Brushes are normal phosphor bronze. The cleaning rod is a high-quality Dewy rod, black-nylon-coated single-piece steel. Since the pesky black problem was observed with a new barrel and brush, I'm beginning to wonder if the black is coming from the nylon on the rod after years of use, but why just after brushing and not with a patch, I don't know. I do use a bore guide. I too would love to have the patches analyzed. I'm starting to accept though that the black is not coming from a dirty barrel.
I have no doubt the bronze is normal. Look at the braided metal shaft the bronze bristles are attached to. Is it aluminum. Over.

bore. I would worry about the crown on the muzzle with

excessive cleaning.

Try this; use a jag with a rag instead of the brush with the solvent.

Then take a worn brush, cut a patch to cover the brush, and use it

to swab out the solvent. Don't forget to swab out with oil, when

you are done.
Then I simply don't know. A mirror shiny bore and sharp rifling is where I stop cleaning and call it a day, like most owners. I would guess that there is always a layer of oxidation, which, once removed, quickly builds up again. Good luck with your research.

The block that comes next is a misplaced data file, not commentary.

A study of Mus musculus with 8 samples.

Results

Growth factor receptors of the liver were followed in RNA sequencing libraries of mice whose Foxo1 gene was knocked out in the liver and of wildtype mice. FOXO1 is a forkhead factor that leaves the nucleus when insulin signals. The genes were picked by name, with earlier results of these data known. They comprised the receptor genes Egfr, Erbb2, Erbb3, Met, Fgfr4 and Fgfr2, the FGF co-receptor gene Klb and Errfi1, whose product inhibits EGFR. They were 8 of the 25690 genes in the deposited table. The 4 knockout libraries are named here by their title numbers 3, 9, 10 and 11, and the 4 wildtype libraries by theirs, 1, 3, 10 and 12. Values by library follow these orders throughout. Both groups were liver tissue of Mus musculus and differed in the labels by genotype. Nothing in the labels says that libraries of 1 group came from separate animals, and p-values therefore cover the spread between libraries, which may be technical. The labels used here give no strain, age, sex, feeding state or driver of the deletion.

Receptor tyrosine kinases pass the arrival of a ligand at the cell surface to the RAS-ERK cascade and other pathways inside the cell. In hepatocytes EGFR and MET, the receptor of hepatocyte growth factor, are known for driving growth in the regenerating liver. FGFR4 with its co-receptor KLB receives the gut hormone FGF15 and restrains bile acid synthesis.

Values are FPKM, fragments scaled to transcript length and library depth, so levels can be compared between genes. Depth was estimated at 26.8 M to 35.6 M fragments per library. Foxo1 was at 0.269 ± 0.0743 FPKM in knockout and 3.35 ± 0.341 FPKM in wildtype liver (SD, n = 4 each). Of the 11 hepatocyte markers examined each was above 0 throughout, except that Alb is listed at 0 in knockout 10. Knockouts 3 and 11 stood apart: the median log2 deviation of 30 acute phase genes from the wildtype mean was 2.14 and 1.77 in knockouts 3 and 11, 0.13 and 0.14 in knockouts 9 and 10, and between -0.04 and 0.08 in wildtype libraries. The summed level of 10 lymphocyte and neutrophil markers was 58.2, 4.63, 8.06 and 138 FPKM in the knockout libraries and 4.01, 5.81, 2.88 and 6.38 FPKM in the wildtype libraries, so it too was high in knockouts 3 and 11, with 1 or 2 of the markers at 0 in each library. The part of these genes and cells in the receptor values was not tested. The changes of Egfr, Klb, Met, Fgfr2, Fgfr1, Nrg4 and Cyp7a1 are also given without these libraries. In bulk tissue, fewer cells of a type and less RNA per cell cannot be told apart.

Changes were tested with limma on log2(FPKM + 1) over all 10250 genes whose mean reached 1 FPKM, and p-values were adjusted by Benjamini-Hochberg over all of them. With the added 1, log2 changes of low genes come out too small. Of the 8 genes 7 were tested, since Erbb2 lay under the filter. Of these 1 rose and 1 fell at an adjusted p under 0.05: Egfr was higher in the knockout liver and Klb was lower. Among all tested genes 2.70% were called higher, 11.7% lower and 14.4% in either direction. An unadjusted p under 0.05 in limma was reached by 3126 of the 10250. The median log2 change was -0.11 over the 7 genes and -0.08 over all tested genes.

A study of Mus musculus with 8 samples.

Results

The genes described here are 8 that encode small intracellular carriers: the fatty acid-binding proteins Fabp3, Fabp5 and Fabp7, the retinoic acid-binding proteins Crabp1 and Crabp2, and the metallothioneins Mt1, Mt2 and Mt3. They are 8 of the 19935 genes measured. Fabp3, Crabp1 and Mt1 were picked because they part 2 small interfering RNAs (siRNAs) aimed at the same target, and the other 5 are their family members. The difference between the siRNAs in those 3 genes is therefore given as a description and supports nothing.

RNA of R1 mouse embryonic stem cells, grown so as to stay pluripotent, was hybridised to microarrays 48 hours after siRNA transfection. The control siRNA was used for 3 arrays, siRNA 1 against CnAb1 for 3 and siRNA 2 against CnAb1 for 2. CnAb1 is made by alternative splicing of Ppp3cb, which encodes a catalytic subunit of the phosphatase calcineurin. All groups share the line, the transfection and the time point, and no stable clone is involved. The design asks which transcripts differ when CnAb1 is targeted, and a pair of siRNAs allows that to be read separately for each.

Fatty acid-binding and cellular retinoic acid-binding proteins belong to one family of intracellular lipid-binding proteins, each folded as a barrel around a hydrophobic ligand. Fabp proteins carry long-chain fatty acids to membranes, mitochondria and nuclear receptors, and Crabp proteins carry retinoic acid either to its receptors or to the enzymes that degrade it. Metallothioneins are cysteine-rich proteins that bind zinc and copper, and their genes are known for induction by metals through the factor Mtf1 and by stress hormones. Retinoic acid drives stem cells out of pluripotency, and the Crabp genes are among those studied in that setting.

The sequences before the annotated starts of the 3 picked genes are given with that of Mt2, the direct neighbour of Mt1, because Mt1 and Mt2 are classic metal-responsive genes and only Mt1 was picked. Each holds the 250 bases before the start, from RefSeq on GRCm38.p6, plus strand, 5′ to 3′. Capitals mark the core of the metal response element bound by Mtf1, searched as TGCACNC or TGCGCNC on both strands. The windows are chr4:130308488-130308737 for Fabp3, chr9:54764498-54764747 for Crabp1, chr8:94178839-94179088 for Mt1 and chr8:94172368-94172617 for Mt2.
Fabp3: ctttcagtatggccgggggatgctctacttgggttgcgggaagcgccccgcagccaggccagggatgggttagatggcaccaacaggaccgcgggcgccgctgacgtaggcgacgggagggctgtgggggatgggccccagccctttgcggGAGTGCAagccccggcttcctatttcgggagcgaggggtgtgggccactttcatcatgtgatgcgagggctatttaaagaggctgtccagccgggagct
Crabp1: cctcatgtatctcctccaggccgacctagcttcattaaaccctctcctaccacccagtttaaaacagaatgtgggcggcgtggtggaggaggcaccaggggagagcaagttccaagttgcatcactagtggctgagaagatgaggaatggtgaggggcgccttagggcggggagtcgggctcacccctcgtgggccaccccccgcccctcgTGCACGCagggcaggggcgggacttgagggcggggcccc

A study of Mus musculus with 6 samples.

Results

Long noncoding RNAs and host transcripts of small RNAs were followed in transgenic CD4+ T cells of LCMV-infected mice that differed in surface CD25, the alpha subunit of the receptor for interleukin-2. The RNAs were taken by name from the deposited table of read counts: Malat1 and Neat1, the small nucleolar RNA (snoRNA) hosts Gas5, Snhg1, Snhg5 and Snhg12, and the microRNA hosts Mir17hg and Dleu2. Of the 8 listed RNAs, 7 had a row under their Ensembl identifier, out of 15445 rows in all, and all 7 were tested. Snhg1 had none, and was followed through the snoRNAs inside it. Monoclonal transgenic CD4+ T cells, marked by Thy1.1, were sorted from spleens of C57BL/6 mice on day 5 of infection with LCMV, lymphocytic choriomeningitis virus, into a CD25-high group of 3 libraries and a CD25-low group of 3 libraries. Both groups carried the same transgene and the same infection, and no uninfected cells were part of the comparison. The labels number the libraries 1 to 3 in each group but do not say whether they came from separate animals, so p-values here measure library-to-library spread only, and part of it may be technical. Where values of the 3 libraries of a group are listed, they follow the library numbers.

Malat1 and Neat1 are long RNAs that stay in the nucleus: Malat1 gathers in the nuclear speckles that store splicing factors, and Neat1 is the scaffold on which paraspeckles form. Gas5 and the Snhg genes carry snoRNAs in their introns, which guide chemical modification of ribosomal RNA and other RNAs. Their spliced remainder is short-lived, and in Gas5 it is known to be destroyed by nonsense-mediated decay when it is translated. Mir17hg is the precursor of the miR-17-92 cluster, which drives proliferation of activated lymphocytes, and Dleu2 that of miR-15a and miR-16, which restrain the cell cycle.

If your accuracy was good and has recently gone to crap, thorough cleaning is a good idea. Another area to look at is the crown of the barrel. Is there any scratching or other damage there?

Imperfections at the exit of the barrel allow the hot gases to leak out unevenly around the bullet at the moment the bullet is leaving the barrel. This can cause the bullet to wobble slightly in flight. Like a football pass with an imperfect spiral, accuracy is compromised.
havener78, thanks for the additional info. It is very helpful. That was a good idea to run a copper brush on the outside of the bore. It further supports the idea that the copper brush is the problem with the dark patches and not a dirty bore. Nylon brushes don't cause the blackening. I believe the copper brush is abrading into tiny particles which appear black, like colloidal silver which appears black because of tiny, nanometer-size particles. Your accuracy problems appear to be something other than a dirty bore. Thanks for contributing to understanding this blackening problem.

IME, it's a lot easier to keep a clean bore clean, than to clean it, once it's gotten

out of control. Calibers with shouldered cartridges generally take more work.


Case in point:

I got a Garand used, and at some point somebody rode it hard, and put it away

wet(dirty). The barrel "sewer piped", probably corrosion from old ammo, possibly

even during the war, as it is a '43 manufacture date. I've spent all nighters trying

to get that barrel close to clean, not happening.

OTOH, a 44MAG (straight walled cartridge) with a new barrel cleans up pretty fast.

Get a bore light, if you don't already have one.